As previously reported, the state-owned oil major is likely to win the government’s approval for the acquisition of another 12 licenses in Arctic waters. The new federal shelf development programme discussed by cabinet ministers and the petroluem industry this week will give Rosneft and Gazprom continued preferences on the shelf. Non-state companies, meanwhile, will get license rights only in fields not wanted by the two monopoly companies.
However, both Rosneft and Gazprom will have to commit themselves to stepping up mapping and exploration.
Rosneft in a letter submitted to the government just hours before this week’s meeting says it will increase 2D seismic works to 0,35 lineal km per 1 square km of water in the license areas.
The stepped-up exploration is an absolute demand from the Ministry of Natural Resources. In Tuesday’s meeting, Minister Sergei Donskoy said that the level of knowledge about the Russian Arctic shelf is ”extremely low” because of the insufficient level of seismic works conducted.
The level of seismic mapping has long been a point of controversy in relations between Rosneft and the Ministry of Natural Resources. While the former faces major capacity challenges following its many new Arctic licenses, the latter is under pressure to meet ambitious shelf production objectives included in federal programs.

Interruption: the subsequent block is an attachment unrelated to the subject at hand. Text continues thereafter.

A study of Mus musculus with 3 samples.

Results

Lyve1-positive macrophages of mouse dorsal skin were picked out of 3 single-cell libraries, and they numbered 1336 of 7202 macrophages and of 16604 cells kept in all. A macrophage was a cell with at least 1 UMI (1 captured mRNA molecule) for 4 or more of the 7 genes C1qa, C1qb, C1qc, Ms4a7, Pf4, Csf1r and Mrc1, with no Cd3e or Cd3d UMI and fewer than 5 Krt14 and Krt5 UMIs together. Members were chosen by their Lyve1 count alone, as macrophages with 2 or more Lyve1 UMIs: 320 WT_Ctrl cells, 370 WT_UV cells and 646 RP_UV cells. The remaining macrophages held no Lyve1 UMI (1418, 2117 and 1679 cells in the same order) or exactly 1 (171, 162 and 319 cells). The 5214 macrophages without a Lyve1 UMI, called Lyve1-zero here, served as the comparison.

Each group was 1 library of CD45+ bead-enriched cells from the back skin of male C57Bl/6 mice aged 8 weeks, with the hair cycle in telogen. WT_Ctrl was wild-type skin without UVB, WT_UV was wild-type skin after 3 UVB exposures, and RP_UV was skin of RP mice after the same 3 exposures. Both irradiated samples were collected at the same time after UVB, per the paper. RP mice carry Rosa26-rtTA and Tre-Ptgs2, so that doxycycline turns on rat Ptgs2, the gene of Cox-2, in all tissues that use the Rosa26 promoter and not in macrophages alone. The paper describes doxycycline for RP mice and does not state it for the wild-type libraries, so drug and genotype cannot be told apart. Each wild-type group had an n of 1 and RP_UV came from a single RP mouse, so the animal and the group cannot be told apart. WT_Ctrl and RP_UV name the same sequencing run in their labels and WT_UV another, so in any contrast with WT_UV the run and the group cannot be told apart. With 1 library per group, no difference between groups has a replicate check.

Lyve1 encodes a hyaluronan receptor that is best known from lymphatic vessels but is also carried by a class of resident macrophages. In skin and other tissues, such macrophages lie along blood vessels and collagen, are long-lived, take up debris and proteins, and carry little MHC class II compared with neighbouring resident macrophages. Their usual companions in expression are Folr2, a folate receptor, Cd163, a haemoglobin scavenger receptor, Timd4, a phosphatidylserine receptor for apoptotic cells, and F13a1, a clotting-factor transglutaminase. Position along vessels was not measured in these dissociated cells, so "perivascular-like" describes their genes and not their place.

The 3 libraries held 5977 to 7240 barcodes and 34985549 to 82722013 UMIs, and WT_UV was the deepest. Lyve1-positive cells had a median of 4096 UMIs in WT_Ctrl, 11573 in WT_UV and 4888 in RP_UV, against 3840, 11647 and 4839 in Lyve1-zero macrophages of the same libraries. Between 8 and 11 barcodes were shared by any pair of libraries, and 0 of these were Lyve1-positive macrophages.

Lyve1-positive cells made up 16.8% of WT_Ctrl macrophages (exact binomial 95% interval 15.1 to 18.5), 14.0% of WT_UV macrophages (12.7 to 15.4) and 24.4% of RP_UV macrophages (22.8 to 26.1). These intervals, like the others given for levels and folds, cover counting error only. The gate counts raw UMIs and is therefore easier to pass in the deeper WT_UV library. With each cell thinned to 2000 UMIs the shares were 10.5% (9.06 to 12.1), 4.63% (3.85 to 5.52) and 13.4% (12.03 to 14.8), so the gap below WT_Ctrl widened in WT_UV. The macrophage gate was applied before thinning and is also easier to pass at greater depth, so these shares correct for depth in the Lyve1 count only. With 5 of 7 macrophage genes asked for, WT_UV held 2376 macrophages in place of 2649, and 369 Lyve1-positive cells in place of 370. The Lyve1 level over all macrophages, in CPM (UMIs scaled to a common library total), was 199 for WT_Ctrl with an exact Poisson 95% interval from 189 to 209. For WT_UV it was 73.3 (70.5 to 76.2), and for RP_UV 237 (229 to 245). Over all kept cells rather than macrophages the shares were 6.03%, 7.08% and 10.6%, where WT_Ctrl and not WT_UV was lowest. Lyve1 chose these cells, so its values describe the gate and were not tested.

According to Kommersant, Rosneft says it will meet the time schedule for its operations in the Kara Sea. The first exploration drilling for the Prinovozemelye fields, areas included in the comprehensive cooperation agreement with ExxonMobil, is set for 2014. The first drilling will take place at the Universitetskoye field, a field which alone will ”open a new oil and gas province in the Arctic”, Rosneft President Igor Sechin said.
As part of its cooperation with Rosneft, ExxonMobil in summer 2012 started seismic mapping of the huge waters of the Kara Sea.
Russia plans to resume testing of the submarine-launched ballistic missile Bulava this summer. The country’s two newest strategic nuclear-powered submarines will start trials as soon as the ice conditions in the White Sea will allow.
MURMANSK: Ecological groups gathered on Kola Peninsula fear that Barents nature will be the looser after Oslo decided to call off the environmental minister’s Moscow meeting in response to Russia’s annexation of Crimea.
TROMSØ: Since the first five specimens of snow crab were found in the Barents Sea in 1996, the population has exploded. There is now ten times as much snow crab than king crab in the area, and scientists are just starting to find out how this new species has adopted to life in the Barents Sea.
More than 900 reindeer die of hunger on the Russian Arctic island of Kolguyev following a critical lack of available local pasturelands. The reindeer stocks in the area are too badly managed, regional authorities admit.
The current situation in Ukraine makes cross-border cooperation with the neighboring countries even more important, Barents Secretariat leader Rune Rafaelsen says. At the same time, Norway has joined NATO’s condemnation of Russia’s military escalation on the Crimea peninsula.
Board member Amund Trellevik in the press network fears entry-denial of Kremlin’s controversial propaganda-journalist Dmitry Kiselyov could be retaliated by refusing Norwegian journalists access to Russia.